Kell BrookBy Wayne Lloyd: On March 17th evening at the Motorpoint arena in Sheffield we witnessed the birth of a new boxing superstar. Kell Brook (27-0, 18 KO’s) systematically defeated and dismantled a tough, rugged and determined former World Championship contender – Matthew Hatton (50-42-6) – over 12 rounds with a unanimous points decision victory.


There have been a number of false dawns in boxing so history proves that it is sometimes easy to get caught up in the euphoria of the moment and build someone up to have too much potential which is why I have taken a few days to write this article and witness the fallout from the fight itself. There are some people out there who will try to pick holes in Kell Brooks’ potential before he has challenged for or won a World Championship Belt; however, I believe that these people are thinking far too subjectively about a fighter that is on the cusp of what I believe will be a become a successful boxing journey. Such subjective thinkers would also want us to consider that Kell Brook took a couple of shots against Matthew Hatton in the 8th round although such people might also want to consider that it was those same shots kept Saul Alvarez (who may well be Mayweathers’ next opponent) at bay for a full 12 rounds back in March 2011. If we think about his performance objectively, therefore, then we can see that Kell is displaying all the attributes of a World Champion. He has fast hands, great feet, unbelievable technique, a strong chin, proven stamina, a strong fan base, an exciting style and a knock out punch. In addition to this Kell has also displayed great temperament in what could have been a difficult 6 months for him. In December Kell made his American debut on the undercard of the Froch v Ward fight in Atlantic City and produced a very patient and professional performance which saw him win via a KO. He produced the same patient performance in Sheffield when it might have been easier for him to please the crowd and push for a KO victory. Indeed, I was lucky enough to speak to Kell on the afternoon of his weigh in when in Atlantic City and was impressed at how in control he was. In asking him if he felt ready for his fight he very calmly replied ‘always’ with a big smile on his face.

If we take all of these things on board we might consider that Amir Khan could learn much from someone I feel he will avoid at all costs should he overturn the Lamont Peterson defeat on May 19. Since that defeat Amir has shown none of the qualities that I believe Kell has. Since being defeated by Peterson I have most definitely lost any respect I had for him after the Maidana victory. People say it is in defeat that you truly learn about the integrity of a person – if this is true then Khan has truly disappointed his fans. The defeat was the fault of everyone else apart from himself. It was because the fight was in Washington DC, it was because it was refereed by an inexperienced referee and scored by someone that should not have been ringside. As much as we can agree there were some inconsistencies with protocol Amir Khan quickly forgot that he was warned on a number of occasions about pushing but still persisted in doing so and he only has himself to blame. Now lets take his performance – average. I do not believe there is anyone that can watch that fight and truly believe that Amir had taught Lamont a boxing lesson. I actually believe he will lose the rematch too if he produces another performance of that standard. Indeed, if we look at his performances prior to the Peterson fight then we might consider that he falls way short of the potential that Kell seems to have.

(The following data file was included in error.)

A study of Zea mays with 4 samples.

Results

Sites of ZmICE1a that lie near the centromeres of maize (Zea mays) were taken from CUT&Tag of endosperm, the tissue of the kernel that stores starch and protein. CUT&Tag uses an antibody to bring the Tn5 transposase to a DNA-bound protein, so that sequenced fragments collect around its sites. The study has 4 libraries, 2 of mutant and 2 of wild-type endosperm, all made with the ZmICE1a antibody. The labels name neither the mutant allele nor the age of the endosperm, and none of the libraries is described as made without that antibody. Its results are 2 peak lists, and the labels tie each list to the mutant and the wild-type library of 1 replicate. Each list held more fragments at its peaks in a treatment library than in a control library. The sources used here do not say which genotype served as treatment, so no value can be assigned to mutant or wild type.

Apart from the Maidana victory I cannot credit him with a great performance. Indeed, prior to the Maidana victory I am also struggling to find a performance that proves him to be a world beater. I saw Zab Juddah fight on the undercard of Calzaghe v Roy Jones Jr in Madison square garden back in 2008 and he won a 10 round fight on points. His performance was dreadful so when Khan beat him it didn’t impress me at all – nor should it impress anyone that really understands the sport. Zab Juddah was just a name along with Marco Antonio Barrera. Malinaggi would never have had a knock out punch to trouble Amir which is why he fought him whilst his performance against McCloskey was very poor indeed – especially for someone that believes he can match Mayweather!! Simultaneously; although he showed great heart and a stronger chin that most had anticipated the Maidana victory does not seem as impressive as it did at the time. Having seen Maidana fight the likes of Eric Morales (a fight I believe he lost) and Devon Alexander it seems that he is not as strong a contender as we first believed him to be.

Kell Brook believes that he can ‘smash’ Amir Khan and I absolutely agree with him. Kell is on another level to the likes of Juddah, Malinaggi, McCloskey and Maidana. He is hungrier than all of them and he has great momentum coming into any fight with him. Amir Khan on the other hand seems to be psychologically hurt by the Peterson fight and from his interviews too you cannot help but feel that he feels threatened by Kell Brook and way that the fans and media have taken to him. Khan has said that he feels Kell is not a contender and has not earned the right to fight him… but I am sure he has done more than a certain McCloskey… funny how he changes his mind?!

Amir Khan – I believe that Kell Brook will teach you a lesson.